One of the smartest things ever said about building a new home, was about something dumb:
Mike said this in response something I shared on LinkedIn, which was a blog post written by the British architect, Elrond Burrell, known for his PassivHaus musings, where he discusses 12 Things He Learnt From The Passivhaus Designer’s Manual. Here's it is:
The more that's talked, taught and "learnt" about PassivHaus and/or Passive House, the more it should be noted that it's just design and construction done well, and in concert, that gets a building to meet the requirements. Reading through Elrond Burrell's post about what he learned from the Passivhaus Designer's manual, you might see what I'm talking about. Relative to the expectations of most building codes and departments, and the people buying the homes, #PassivHaus and #PassiveHouse requirements "raise the bar". BUT, the way I see it, it's just a job well done
I received a "Totally Agree" from Elrond, and in response to Mike's comment about the well-built dumb home, another well-respected industry leader, Robert Bean, whose musings about architecture, anthropology and radiant based heating, ventilation and air conditioning can be found on his weekly journal, Bean's Blog, followed up Mike's comment with:
Because he did! The point Mike makes in his comment, and that Jodi and I agree with and practice every day, is that not a single smart technology will outperform or outlast smart design and craftsmanship. A smart thermostat will not outperform or outlast a perfect building enclosure.
Pairing "dumbed-down", very simple and user-friendly technologies in a home that lasts, and is comfortable and healthy for 500-years or more, will "win" every time. In the eyes of the "smart" professional, and more importantly in the eyes of the "smart" homeowner, the dumber the home is, the happier everyone is, and forever.
What Qualifies as "Well-Built"?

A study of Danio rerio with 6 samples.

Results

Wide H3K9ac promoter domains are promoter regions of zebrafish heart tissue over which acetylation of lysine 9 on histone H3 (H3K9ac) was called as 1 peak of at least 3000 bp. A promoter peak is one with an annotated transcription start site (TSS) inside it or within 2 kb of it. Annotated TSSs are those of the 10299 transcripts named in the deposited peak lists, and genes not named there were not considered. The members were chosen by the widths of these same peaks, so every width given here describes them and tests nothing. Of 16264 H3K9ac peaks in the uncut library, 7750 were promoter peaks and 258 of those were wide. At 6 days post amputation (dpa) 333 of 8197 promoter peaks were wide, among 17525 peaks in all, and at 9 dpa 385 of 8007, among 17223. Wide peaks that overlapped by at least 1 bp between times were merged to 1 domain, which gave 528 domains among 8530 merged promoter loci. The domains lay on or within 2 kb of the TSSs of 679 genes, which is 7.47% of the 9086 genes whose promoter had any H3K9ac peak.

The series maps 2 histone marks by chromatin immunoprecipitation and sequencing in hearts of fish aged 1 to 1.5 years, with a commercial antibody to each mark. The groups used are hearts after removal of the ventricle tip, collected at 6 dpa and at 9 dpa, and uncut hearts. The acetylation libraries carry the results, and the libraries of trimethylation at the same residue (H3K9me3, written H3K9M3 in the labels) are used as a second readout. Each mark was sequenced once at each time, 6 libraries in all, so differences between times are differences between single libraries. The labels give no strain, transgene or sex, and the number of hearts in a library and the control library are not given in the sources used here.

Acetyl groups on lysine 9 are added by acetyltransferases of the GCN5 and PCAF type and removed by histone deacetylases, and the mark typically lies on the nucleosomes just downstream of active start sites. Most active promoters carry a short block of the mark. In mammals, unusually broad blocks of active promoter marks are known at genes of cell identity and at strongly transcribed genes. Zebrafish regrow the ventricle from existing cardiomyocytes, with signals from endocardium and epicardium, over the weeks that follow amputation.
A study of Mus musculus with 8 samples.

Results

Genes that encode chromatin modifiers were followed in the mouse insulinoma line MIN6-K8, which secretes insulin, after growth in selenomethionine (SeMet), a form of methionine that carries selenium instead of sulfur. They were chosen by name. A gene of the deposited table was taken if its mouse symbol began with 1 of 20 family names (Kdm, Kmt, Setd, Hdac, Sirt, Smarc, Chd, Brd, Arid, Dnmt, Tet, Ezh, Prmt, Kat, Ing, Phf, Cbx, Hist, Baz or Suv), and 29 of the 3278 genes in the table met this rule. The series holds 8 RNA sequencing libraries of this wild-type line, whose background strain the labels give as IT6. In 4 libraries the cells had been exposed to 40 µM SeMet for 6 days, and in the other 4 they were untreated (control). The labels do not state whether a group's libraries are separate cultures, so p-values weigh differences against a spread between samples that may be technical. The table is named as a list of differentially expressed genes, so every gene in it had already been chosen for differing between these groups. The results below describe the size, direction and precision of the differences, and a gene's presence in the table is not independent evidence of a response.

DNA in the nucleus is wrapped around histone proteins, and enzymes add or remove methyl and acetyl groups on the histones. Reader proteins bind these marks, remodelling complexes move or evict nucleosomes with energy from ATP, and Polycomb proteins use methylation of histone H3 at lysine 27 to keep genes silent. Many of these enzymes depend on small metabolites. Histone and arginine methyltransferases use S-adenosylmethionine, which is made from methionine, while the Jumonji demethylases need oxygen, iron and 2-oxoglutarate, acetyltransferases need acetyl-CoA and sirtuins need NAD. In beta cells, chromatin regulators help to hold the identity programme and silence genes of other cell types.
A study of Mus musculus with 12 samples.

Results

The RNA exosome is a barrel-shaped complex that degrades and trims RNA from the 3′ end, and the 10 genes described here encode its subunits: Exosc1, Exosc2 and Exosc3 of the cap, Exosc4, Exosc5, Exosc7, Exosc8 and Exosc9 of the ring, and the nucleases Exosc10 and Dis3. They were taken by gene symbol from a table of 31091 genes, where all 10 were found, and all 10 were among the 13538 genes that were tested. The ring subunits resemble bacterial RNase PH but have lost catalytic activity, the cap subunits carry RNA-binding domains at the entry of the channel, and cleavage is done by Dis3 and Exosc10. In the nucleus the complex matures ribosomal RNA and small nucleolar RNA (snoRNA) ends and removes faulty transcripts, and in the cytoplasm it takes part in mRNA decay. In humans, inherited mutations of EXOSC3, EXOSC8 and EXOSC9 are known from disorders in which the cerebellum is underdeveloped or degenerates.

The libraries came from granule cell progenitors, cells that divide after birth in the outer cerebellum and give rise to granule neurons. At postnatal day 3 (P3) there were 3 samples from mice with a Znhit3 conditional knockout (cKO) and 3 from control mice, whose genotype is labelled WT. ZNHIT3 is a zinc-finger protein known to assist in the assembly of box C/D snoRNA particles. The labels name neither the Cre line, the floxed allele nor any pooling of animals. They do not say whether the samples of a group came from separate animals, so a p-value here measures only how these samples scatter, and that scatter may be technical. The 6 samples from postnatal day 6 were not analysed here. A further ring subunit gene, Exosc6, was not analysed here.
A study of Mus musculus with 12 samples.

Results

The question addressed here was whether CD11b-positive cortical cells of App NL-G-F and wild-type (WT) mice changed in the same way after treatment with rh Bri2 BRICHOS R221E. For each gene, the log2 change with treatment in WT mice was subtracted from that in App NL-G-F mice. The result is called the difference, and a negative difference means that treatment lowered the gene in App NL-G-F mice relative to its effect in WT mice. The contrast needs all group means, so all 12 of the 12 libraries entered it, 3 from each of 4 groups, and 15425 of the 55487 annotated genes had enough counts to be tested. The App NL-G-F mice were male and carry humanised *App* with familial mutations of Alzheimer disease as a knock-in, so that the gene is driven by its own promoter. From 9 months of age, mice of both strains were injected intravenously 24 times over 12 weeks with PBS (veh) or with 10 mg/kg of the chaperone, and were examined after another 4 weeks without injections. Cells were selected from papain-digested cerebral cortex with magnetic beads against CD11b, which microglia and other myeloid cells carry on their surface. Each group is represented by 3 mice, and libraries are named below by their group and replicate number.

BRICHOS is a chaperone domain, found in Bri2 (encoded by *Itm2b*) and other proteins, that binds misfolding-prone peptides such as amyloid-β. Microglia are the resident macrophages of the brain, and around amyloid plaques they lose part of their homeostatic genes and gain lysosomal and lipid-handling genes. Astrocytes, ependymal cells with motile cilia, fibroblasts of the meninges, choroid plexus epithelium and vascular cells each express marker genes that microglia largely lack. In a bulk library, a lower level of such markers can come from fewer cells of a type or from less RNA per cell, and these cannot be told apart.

Well-Built, at least the way we see it, means spending more time and effort on the details during design, as well as more time in the field building those details. The investment goes in to making the house durable, comfortable, healthy, simple to use, and self-sufficient. In a well-built home, the interior environment is comfortable because of the "passive" nature of the building enclosure. In fact, there's NOTHING the homeowner can do to change this. They don't need to, it happens passively. Hence, Passive House or PassivHaus. ((Passive House and PassivHaus are not the same as Passive Solar. Passive solar is allowing the sun's heat to passively travel through glass to heat the air in the interior spaces of a home. This is a very different and separate practice, and it's not appropriate for every climate. Passive House and Passivhaus approach is very specific to each climate, and works everywhere))
In a dumb, passive home, when mechanical assistance is needed, it doesn't require lots of training for the homeowner, that will likely be forgotten soon after it's "learned", for lack of practice. Just think of a foreign language learned in high school. Other than how to say "beer", "wine", "hello" and the random exclamation, do we remember much without practice? Yes, some do retain better than others. I'm just sayin'.
Idiot Proof is Not the Only Reason for a Dumb Home
Just this past week, one of our clients sent me this article in a text saying, "Here's another good reason to AVOID "smart" technologies".
While the goal of such "spying" is to track down the bad people, which, thankfully, none of our clients are, there is a looming concern that "Big Brother" has access to good people's lives, too. Whether you care, agree or disagree with it, believe it to be true or not, this is a real thing for many who value privacy. The dumber the house, car, or any personal possession is, the happier some people are. This same client, in fact, said:
I want my home as dumb as possible
In Praise of the Dumb Home
I'm not the first to write about the "dumb home". In 2014, Lloyd Alter, Mr. Treehugger.com, himself, wrote a very intriguing post about the overwhelming number of and complicatedness of available smart technologies. From Bosch wanting to Wire our Windows, to a Wi-Fi Connected Crock Pot. He includes some very good advice in his post, from Low-Tech Magazine writer, Kris DeKrees, that we also like to give to our clients:
Insulation of the body is much more energy efficient than insulation of the space in which this body finds itself. Insulating the body only requires a small layer of air to be heated, while a heating system has to warm all the air in a room to achieve the same result.
In other words:
Insulation: First the Body, Then the Home
Thanks for stopping by and reading today's post! Now, let's be smart and build a dumb home!